Royalists were unable to contain themselves during the summer of 2013. Apart from the birth of George Windsor there was also this report in the Daily Mail. According to the article the Queen was ‘discreetly’ campaigning to make the Head of the Commonwealth a hereditary position. Apparently this included getting David Cameron to speak to the other Commonwealth leaders at the Commonwealth Heads of Government Meeting 2013 (CHOGM13). Now, it must be said that the Daily Mail has been known to get things wrong! There was certainly nothing in the final communique, but maybe that was because it was very discreet. But lets make the entirely reasonable assumption the story is correct. Such an assumption is supported by the royals own website which deliberately confuses matters by having a Role of the Monarchy on its Commonwealth page. The Queen may currently be Head of the Commonwealth as a person but that is not true of monarchy as an institution. The idea that anyone could be promoting the extension of hereditary privilege in the 21st Century is simply disgusting. Furthermore, the fact that a change in the constitution of an international organisation would be attempted ‘discreetly’ shows the complete lack of respect that the Windsor family has for Commonwealth citizens.
The Mail was indeed correct in stating that the words ‘does not pass automatically to her heir’ had been removed from the Governance section of the Commonwealth Secretariat. The site, however, still emphasises the fact that the Head is chosen collectively by the member states. What gives the story credence is that the Queen had already attempted to make the Head of the Commonwealth a hereditary position. When the Letters Patent were issued in 1958 to make Charles the Prince of Wales they clearly intended that he, along with his heirs and successors, shall be future Heads of the Commonwealth!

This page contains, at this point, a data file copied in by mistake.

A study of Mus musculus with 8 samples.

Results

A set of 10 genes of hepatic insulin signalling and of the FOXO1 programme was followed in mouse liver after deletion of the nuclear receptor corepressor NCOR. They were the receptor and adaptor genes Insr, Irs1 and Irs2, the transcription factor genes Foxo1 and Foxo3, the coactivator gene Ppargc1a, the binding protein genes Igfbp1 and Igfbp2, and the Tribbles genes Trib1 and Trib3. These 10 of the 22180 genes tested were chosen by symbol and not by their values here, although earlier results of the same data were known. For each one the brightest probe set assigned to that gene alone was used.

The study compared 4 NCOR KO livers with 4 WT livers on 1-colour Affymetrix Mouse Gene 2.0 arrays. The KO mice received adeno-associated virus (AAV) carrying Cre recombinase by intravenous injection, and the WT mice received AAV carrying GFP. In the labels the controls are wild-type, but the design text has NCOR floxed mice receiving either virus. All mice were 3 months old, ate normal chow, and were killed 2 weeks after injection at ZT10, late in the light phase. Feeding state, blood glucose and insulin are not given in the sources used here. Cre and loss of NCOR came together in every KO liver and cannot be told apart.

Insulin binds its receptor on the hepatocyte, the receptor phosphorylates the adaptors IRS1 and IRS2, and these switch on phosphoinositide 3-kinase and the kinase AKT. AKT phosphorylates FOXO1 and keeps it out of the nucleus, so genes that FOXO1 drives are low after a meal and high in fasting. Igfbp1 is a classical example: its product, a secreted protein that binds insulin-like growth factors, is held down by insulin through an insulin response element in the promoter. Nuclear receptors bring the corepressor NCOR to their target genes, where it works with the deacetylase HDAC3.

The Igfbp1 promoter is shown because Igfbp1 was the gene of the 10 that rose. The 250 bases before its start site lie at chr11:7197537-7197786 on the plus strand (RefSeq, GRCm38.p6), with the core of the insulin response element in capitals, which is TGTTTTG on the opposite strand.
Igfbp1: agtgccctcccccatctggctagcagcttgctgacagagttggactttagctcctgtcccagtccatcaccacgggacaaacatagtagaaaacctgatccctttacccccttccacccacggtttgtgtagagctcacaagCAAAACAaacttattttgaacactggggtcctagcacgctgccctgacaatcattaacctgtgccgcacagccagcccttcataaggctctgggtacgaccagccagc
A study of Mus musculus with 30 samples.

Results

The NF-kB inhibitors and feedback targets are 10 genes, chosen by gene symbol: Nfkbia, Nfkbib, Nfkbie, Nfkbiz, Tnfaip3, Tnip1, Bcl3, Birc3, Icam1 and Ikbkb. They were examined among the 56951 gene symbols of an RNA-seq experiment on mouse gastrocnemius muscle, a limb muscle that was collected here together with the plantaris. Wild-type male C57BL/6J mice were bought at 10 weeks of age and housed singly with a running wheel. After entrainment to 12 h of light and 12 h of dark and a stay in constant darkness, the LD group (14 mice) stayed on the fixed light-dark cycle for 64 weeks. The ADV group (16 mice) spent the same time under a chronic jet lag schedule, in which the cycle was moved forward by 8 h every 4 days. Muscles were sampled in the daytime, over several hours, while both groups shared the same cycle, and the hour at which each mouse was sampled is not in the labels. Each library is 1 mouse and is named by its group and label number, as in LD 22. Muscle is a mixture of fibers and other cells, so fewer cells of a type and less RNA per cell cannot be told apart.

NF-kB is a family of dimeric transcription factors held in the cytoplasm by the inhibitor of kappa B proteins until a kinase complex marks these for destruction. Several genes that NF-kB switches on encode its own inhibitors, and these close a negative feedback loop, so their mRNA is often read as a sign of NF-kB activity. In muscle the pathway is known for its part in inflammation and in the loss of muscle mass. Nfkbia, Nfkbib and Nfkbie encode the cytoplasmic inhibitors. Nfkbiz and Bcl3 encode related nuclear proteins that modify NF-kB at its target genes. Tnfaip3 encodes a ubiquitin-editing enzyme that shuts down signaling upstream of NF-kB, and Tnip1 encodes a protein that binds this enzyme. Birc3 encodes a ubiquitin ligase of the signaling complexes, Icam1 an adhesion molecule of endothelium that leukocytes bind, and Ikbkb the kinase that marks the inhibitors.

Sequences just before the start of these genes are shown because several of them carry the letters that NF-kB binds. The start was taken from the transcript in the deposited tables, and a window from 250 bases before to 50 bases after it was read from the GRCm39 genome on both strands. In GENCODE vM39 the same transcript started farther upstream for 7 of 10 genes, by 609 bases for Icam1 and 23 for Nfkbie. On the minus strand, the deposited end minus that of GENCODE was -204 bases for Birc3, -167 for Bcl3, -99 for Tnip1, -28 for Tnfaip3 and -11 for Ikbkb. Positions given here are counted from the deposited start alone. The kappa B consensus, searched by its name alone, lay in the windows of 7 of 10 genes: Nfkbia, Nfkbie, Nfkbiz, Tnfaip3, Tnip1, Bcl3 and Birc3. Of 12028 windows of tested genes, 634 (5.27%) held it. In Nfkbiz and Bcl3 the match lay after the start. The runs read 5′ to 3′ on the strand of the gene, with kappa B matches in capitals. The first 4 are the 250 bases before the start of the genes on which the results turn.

As the Queen is clearly at odds with the Secretariat, an interesting question is the extent to which making the post hereditary fits in with the clearly stated aims of the Commonwealth as given in the Charter. Perhaps unsurprisingly we get no further than Clause 1 on Democracy before encountering the first inconsistency. The Clause states:
Governments, political parties and civil society are responsible for upholding and promoting democratic culture and practices and are accountable to the public in this regard [democratic processes].
Clearly ‘promoting democratic practices’ is immediately violated by imposing a hereditary head on Commonwealth citizens. Moreover, as Head of the UK State the Monarchy effectively subverts accountability by the culture of secrecy and a ban on Freedom of Information. It gets no better if we examine Clause 2 of the Charter which deals with Human Rights and includes the statement:
We are implacably opposed to all forms of discrimination, whether rooted in gender, race, colour, creed, political belief or other grounds.
There is nothing which speaks more of discriminatory practices than declaring that your organisational head must be a member of one family only! But the Queen is also complicit in breaking the spirit and letter of Clause 6 on Separation of Powers:
We recognise the importance of maintaining the integrity of the roles of the Legislature, Executive and Judiciary. These are the guarantors in their respective spheres of the rule of law, the promotion and protection of fundamental human rights and adherence to good governance
At this point it is important that the UK Monarch is not only Head of the Government but Head of the Judiciary (and Supreme Governor of the established Church of England!). Furthermore the festering Privy Council system has the potential to bypass Parliament (the legislature) and impose draconian powers with little restraint available to the judiciary. So much for being a guarantor of the rule of law and Human Rights!
Overall, provides it lives up to the spirit of its stated aims such as the promotion of democracy I consider the Commonwealth to be a benefit. Any organisation which promotes dialogue between nations in disparate parts of the world is no bad thing, provided it is a genuinely free association which consistently pursues its aims. But it must not be a comfort blanket or familial fiefdom for a regressive and backward-looking sovereign desperately clinging on to the residue of a colonial past.